The Southern Baptist Convention announced its membership stats this week, and it wasn't a cause for celebration.
Southern Baptists declined in membership by 1.32 percent, marking the ninth decrease in a row. This trend is neither new nor unique, however. The SBC could be merely one more organization feeling adverse impacts from a shift toward individualism that is hitting organizations and churches across the United States and Europe.
"As individualism becomes a more central part of our lives ... people are less likely to do things that are socially constraining," Ryne Sherman, a psychology professor at Florida Atlantic University who has conducted research on trends in American religiosity, tells The Christian Science Monitor. "It's 'I'm free to choose and do what I want,' versus a group compelling me to go out and do something."
The SBC, for which "Southern" is now more of a brand marker than a geographic requirement, is the largest Protestant group in the US. Some have cited the convention's specific policies or conservative views on issues of salvation, family, and politics for the dip in numbers, but Christian churches have been losing membership across the ideological spectrum.
"Actually the whole culture is shifting and it's affecting everyone, not just a particular group," Dr. Sherman says. "We think that there's rising individualism in many western European countries, too, and we see similar effects in these countries."
The decline in membership began among Catholics and mainline Protestants, while evangelical groups such as the Southern Baptists appeared immune for some time. Their membership began declining only nine years ago, when other indicators of private American belief also showed a decline, says Jean Twenge, a professor at San Diego State University in California and author of "Generation Me," which discusses trends in American religiosity.
The percentage of adult Americans who believe that the Bible is literal truth – a key tenet for Southern Baptists – was virtually unchanged from the 1980s until 2006, but then dropped 5 percentage points in less than 10 years, a decrease of 29 percent, according to Dr. Twenge's analysis.
"In the last nine to 10 years, more conservative denominations seem to be part of that overall decline that the mainline denominations have been experiencing for at least seven decades," says R. Andrew Chesnut, a professor of religious studies at Virginia Commonwealth University.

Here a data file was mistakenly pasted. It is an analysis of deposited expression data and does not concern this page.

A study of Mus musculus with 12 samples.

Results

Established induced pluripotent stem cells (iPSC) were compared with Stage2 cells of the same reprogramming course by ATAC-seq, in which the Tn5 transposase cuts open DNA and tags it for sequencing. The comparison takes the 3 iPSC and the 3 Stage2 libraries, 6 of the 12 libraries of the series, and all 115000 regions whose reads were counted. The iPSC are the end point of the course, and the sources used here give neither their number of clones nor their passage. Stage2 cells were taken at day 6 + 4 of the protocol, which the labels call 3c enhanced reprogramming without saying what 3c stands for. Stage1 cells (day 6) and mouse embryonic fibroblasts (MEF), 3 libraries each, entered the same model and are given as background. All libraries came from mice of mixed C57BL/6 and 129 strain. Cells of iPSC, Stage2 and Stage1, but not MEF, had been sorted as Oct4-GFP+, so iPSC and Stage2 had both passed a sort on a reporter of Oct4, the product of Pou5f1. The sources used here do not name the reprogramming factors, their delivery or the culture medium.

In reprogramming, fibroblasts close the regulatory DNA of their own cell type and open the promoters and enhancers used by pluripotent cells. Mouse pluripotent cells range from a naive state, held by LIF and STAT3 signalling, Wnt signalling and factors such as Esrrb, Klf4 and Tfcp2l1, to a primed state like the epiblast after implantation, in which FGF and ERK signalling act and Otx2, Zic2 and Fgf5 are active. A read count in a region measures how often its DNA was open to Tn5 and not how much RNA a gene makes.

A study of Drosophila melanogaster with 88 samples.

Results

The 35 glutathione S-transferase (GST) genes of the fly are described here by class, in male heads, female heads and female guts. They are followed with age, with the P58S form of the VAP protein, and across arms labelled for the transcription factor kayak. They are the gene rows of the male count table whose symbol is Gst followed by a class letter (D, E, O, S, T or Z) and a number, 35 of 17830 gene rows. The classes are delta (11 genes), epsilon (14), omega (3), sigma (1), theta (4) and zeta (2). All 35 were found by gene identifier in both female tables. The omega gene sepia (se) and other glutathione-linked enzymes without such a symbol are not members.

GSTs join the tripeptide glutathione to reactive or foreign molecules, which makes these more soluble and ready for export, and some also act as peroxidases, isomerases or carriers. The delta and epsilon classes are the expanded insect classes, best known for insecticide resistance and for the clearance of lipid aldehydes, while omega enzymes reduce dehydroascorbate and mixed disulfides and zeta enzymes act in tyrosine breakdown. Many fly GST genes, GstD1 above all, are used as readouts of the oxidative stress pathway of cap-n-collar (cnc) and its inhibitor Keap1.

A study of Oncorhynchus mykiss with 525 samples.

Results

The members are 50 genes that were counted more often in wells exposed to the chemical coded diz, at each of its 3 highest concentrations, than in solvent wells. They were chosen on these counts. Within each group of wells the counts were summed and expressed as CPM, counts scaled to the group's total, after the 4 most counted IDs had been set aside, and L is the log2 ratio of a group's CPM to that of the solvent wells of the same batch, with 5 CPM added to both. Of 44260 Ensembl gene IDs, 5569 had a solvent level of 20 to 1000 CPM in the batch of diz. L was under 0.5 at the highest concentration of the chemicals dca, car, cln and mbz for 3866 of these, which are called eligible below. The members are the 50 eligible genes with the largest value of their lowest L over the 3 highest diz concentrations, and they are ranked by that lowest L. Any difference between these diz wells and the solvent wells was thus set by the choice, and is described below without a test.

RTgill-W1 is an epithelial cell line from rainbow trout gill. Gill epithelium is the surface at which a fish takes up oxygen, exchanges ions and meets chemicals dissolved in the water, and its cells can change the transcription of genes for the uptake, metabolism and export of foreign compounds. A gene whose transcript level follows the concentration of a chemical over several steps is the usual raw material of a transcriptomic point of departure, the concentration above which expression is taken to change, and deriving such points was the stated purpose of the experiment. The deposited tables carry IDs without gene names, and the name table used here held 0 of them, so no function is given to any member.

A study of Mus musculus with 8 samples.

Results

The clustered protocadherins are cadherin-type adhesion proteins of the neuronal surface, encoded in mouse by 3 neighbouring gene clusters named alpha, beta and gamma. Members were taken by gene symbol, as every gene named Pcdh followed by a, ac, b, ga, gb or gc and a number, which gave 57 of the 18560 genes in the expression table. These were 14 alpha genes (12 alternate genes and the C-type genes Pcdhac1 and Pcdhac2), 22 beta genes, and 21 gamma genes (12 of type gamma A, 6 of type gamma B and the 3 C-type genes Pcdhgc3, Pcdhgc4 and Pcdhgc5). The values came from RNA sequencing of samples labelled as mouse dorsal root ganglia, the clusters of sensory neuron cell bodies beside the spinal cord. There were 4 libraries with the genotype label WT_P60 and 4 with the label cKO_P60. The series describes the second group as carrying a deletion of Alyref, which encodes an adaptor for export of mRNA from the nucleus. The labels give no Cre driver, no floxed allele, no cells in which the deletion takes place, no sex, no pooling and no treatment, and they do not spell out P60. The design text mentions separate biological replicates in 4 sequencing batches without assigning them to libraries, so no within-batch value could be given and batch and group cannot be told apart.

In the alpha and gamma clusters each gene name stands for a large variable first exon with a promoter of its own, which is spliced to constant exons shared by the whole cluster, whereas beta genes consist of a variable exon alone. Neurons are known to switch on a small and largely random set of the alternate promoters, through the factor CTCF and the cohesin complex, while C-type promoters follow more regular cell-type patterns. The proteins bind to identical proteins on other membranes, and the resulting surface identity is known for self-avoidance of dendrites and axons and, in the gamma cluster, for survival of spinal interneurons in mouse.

The Southern Baptists have also been hit by a lower birthrate recent years, and many members who were raised Southern Baptist are moving toward nondenominational Christian churches, Trevin Wax of The Gospel Project wrote in 2015:
The Assemblies of God, now the second-largest evangelical denomination in the U.S., has seen 25 straight years of growth, and its views are similar to the SBC’s. Likewise, nondenominational churches, most quite conservative, are exploding in numbers and membership. Meanwhile, the more liberal denominations are in a much steeper decline than the SBC.
The continuing ability of nondenominational churches and Pentecostals to resist the overall decline and even attract members of other denominations is a mark of successful evangelism, Dr. Chesnut says. The SBC will likely try the same model and emphasize outreach to immigrants, especially Latin Americans.
The convention's chief executive officer and executive committee president Frank Page has already set this tone, calling the flock to repentance in response to a decline in baptisms: down 3.3 percent, to 295,212.
"God help us all! In a world that is desperate for the message of Christ, we continue to be less diligent in sharing the Good News," he said in a press release. "May God forgive us and give us a new passion to reach this world for Christ."
As the social norm becomes less religious, the most devout church-goers may all be calling on "a new passion" in their faiths commitment.
"There's a greater willingness now to say 'I'm not religious,' " Christian Smith, director of the Center for the Study of Religion and Society at the University of Notre Dame and co-principal investigator of the noted National Study of Youth and Religion, told the Monitor. "For people who do continue to practice religion, [their communities] tend to be made up of the seriously committed, not just those swept along by obligation."